Cass native Barbara Crist relaxes in the porch swing her father built. She holds a photo of the sewing factory that was in operation in Cass in the 1970s. In the photo, Barbara is at the front machine, with her daughter, Laurie, standing beside her. The photo was taken by her late husband, Gene. S. Stewart photo

Suzanne Stewart
Staff Writer

In a lifetime, some people can live in dozens of homes, towns, states and even countries.

For Barbara Crist, home has always been where her heart is. The Cass native lives in the house she was born in and wouldn’t have it any other way.

“I was born here,” she said. “I’ve always lived here. I went away in the winter for about six years or six winters. I couldn’t wait to get back.”

Crist was the ninth of 10 children born to John Canton Slaven and Eleanor Davis Slaven. Six of the 10 were born at the house, delivered by Dr. Hannah, company doctor for West Virginia Pulp and Paper in Cass.

“It seemed like she had her babies about two years apart,” Crist said of her mother. “I think there are two that were more than two years apart. We had a bedroom upstairs that I guess was the ‘delivery room.’”

When Crist was 12 years old, her mother passed away and the chore of keeping the household fell to the young girl, whose father was busy working at the company store.

“He never worked on the mountain, but I had brothers that worked on the mill or the dock,” she said. “I kept house for my dad. I kept house and went to school.”

Crist fondly remembers her school years, especially her time at the Cass School which was eighth through 12th grades.

“I loved that old school house,” she said. “It was big and it was different. [They] always had an eighth grade graduation. The year I graduated, I was salutatorian.

“We would go up on the hill [behind the school] – it used to have honeysuckles or azaleas, and they grew up there – pink ones, yellow ones. We would always go up and get great big bunches of those and decorate the stage with them.”

Crist was a cheerleader at the school, whose mascot was the Bluejay. Her two daughters, Tammy and Laurie, followed in her footsteps and were also cheerleaders for the Bluejays. Her son Alan, did not!

When Crist married her husband, Gene, she took on the role of housewife and stay-at-home mom, but still lent a helping hand when Gene was working.

“He was a photographer at the observatory, and he was a photographer in the Air Force,” she said. “When Gene took pictures, it was black and white, and I like black and white. He would take pictures of weddings and graduations and school functions, and sometimes I would help him in the darkroom. I loved it.”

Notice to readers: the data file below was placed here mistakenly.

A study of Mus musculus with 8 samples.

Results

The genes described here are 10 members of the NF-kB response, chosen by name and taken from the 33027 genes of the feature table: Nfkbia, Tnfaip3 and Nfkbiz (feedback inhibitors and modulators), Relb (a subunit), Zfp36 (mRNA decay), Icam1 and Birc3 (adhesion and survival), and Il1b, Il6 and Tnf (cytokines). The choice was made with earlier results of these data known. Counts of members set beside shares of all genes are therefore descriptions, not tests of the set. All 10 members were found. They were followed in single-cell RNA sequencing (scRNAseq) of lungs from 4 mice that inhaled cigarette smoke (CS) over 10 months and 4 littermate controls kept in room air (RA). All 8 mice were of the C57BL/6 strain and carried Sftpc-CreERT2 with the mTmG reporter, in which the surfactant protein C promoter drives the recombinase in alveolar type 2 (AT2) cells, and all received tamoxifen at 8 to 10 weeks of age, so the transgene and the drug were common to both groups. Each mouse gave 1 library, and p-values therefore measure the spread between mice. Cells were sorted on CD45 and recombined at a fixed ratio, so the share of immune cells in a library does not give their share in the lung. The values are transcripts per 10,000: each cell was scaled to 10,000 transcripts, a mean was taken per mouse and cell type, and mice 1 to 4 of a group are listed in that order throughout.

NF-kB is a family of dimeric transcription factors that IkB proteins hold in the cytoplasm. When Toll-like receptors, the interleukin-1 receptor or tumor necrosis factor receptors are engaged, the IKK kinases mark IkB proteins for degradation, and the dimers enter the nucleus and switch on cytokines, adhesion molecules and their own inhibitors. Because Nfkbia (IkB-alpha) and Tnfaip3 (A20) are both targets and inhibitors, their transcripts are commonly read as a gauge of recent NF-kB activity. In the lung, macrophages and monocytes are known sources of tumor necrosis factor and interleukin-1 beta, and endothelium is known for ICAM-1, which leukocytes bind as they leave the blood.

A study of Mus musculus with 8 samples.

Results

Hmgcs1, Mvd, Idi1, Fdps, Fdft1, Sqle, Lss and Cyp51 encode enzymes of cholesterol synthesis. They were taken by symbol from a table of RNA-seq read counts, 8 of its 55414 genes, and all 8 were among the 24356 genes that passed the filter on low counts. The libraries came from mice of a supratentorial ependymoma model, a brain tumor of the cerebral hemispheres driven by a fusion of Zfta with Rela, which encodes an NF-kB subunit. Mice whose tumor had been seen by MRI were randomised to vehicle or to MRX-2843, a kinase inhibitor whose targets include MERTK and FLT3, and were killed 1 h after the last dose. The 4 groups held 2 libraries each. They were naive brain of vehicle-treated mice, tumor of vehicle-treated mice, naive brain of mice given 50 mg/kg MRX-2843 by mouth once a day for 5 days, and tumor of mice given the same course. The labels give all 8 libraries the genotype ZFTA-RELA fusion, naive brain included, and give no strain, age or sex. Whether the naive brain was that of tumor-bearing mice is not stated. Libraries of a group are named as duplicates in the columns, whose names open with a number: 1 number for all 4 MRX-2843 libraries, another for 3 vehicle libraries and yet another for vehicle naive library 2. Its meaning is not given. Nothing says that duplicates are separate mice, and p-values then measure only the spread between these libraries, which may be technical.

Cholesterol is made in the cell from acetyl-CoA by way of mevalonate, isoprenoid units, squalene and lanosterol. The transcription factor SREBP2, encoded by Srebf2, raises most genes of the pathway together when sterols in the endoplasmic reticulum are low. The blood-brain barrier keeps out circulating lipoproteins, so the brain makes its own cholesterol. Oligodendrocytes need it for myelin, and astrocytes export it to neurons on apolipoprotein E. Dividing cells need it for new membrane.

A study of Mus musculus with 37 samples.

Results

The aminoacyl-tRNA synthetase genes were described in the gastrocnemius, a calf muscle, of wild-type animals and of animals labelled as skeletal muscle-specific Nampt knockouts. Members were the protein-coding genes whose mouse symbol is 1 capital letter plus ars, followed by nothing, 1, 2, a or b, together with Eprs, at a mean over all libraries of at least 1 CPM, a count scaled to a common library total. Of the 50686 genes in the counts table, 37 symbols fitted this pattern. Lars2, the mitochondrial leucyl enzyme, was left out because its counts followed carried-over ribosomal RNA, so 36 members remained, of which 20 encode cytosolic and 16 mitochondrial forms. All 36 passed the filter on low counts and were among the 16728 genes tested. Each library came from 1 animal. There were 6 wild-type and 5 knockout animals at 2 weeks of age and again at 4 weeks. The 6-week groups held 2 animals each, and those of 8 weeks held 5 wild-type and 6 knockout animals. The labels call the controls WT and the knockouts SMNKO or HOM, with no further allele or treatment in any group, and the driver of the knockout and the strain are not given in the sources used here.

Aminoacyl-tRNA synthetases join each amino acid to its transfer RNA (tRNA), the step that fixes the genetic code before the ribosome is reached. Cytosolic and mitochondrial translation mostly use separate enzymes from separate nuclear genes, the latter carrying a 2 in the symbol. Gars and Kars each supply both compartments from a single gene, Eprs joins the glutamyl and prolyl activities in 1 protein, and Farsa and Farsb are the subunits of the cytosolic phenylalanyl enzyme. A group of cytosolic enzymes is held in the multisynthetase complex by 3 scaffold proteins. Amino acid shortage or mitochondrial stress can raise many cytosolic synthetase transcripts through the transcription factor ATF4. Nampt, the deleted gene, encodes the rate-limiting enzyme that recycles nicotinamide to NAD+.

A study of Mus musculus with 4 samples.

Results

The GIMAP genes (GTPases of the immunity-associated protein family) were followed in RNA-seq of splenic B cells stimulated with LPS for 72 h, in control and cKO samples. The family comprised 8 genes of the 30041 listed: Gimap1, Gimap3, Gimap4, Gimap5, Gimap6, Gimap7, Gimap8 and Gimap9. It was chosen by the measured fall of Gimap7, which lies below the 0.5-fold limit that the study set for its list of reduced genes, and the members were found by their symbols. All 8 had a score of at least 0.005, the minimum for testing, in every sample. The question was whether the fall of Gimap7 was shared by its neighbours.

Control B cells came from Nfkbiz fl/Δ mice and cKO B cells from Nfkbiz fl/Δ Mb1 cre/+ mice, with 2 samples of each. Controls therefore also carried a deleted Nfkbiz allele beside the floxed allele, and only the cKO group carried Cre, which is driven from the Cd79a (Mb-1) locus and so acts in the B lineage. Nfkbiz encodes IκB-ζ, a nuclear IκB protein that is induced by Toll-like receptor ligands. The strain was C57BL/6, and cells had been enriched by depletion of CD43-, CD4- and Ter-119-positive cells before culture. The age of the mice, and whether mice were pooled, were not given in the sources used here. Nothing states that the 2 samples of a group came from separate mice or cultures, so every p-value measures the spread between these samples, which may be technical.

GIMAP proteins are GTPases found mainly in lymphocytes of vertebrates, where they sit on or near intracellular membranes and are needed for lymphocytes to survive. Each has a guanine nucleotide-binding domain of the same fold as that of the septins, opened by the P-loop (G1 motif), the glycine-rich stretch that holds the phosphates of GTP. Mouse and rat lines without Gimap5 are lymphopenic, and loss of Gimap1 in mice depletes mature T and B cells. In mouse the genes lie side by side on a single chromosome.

When her children reached school-age, Crist sought a job at the sewing factory which was located in the closed Cass School gym. Despite not having any work history, Crist was hired and spent several years making men’s polyester pants at the factory before it moved to Marlinton.

“I guess I bugged them until I got a job,” she said, laughing. “It was the first job I ever had because I was a stay-at-home mom. Since I had never worked, I just thought it was fine. I just thought it was what you were supposed to do. I knew how to sew because I had sewed in high school in Home Ec. I sewed some for 4-H when I was growing up. We would send the projects to the fair. If you won Pocahontas, then you sent it to the State Fair. I think that’s still the way it is.”

Crist said she was fortunate to have a job because sadly, her husband Gene passed away in 1976.

When the sewing factory moved to Marlinton, owners Bill and Helen Nash laid-off Crist, who was determined to get unemployment until her next job opportunity – despite Helen saying it wouldn’t be possible.

“I got the unemployment, and then I went to the Hanover Company and, of course, I had experience, so I was hired,” Crist said. “I worked down there twenty-one-and-a-half years until it closed. We thought it would never close because it was really old. They made really, really good leather shoes and most of them were men’s dress shoes, at first. Then they did some military and some women’s [styles]. We even made golf shoes.”

After Hanover closed, Crist retired and now lives a quiet life at her home overlooking the company housing at Cass.

In the summer, she spends her days watering flowers and plants, making sure the hummingbird feeders are full and relaxing on the porch swing her father built decades ago.

“Everyone loves my back porch,” she said. “It’s just a good place. I have a swing my dad built and everyone thinks it’s just the greatest.”

Like their mother, Crist’s three children remained in Pocahontas County, although they can’t say they still live in the house where they were born or raised. Alan and Tammy live in Arbovale and Laurie lives in Dunmore.